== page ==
Sessions Comments On Passage Of Senate Majority’s First Budget In Four Years
“Now that the Senate majority has written a plan we can finally begin this conversation: Do we balance the budget and grow the economy for all Americans? Or do we continue to enrich the bureaucracy at the expense of the people?”
WASHINGTON—U.S. Sen. Jeff Sessions (R-AL), Ranking Member of the Senate Budget Committee, issued the following statement tonight after the budget plan authored by Chairman Patty Murray and the Senate Democrats failed to garner majority support, but was approved by a vote of 50 to 49:
“The content of the plan the majority has now approved demonstrates why they were unwilling to reveal it for so long: their proposal, once accurately understood, cannot be publicly defended.
Honest people can disagree on policy. But where there can be no honest disagreement is the need to change our nation’s debt course. The singular truth that no one can escape is that the House budget changes our debt course while the Senate budget does not. The Senate budget increases taxes, increases spending, and adds $7.3 trillion to our debt. It has zero real deficit reduction.
Most significantly, it never balances. Republicans gave Senate Democrats chance after chance to balance the budget. But they refused. They have declared to the whole nation their refusal to balance the federal budget.
The massive debt we have racked up to finance our wasteful government is pulling down growth today. Gross debt over 90 percent of GDP weakens growth now. Not tomorrow—now.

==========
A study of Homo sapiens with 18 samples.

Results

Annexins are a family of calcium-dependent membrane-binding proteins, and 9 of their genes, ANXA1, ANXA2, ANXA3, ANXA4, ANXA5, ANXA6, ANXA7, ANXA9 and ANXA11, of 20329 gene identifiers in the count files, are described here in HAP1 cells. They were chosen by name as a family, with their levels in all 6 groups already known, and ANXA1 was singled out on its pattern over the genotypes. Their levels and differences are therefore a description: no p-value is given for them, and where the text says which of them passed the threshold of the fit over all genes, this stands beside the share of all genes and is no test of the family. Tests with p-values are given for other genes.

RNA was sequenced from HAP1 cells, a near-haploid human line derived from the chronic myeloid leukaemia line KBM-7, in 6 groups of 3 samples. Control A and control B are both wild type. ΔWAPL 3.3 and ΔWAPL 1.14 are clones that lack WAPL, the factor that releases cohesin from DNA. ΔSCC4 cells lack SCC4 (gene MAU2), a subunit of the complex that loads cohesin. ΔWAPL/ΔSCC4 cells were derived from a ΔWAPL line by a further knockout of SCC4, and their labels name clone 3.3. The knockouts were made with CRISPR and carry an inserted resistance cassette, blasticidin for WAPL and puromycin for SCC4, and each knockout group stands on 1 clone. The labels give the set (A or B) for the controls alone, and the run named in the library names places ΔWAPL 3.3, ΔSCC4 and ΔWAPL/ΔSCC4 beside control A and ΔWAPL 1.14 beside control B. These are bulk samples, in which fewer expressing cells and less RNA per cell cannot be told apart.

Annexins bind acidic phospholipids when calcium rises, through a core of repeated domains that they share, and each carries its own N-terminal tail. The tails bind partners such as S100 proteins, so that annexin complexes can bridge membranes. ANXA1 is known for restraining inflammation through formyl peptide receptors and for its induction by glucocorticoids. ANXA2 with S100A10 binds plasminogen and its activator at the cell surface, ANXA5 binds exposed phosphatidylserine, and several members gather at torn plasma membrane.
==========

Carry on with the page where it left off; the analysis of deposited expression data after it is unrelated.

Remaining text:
In other words, the more money we borrow to mail out government checks, the more and more people there are that will need government checks. This is why we can no longer define compassion as borrow-and-spend. Our goal should be to help more Americans find jobs, better wages, and to achieve financial independence. Is that not a better goal with a superior moral foundation?
It is time that we pointed out that the establishment the Senate majority is shielding from cuts—the big-government apparatus they are determined to defend at all costs—is hurting people every day. Look at Washington, D.C. No city in America relies more on the federal government than Washington. Despite this fountain of federal funds, one in three children still live in poverty in our nation’s capital. Two in three children live in single parent homes.
The Senate majority is saying nothing is wrong with our government programs. They are saying the problem lies with the people. You haven’t sent enough money; please send more. There is nothing virtuous about defending a broken welfare state that is trapping millions of Americans in poverty. Every time our colleagues raise taxes—instead of reforming the government—they are enriching the bureaucracy at the expense of the people.
Now that the Senate majority has written a plan we can finally begin this conversation: Do we balance the budget and grow the economy for all Americans? Or do we continue to enrich the bureaucracy at the expense of the people?”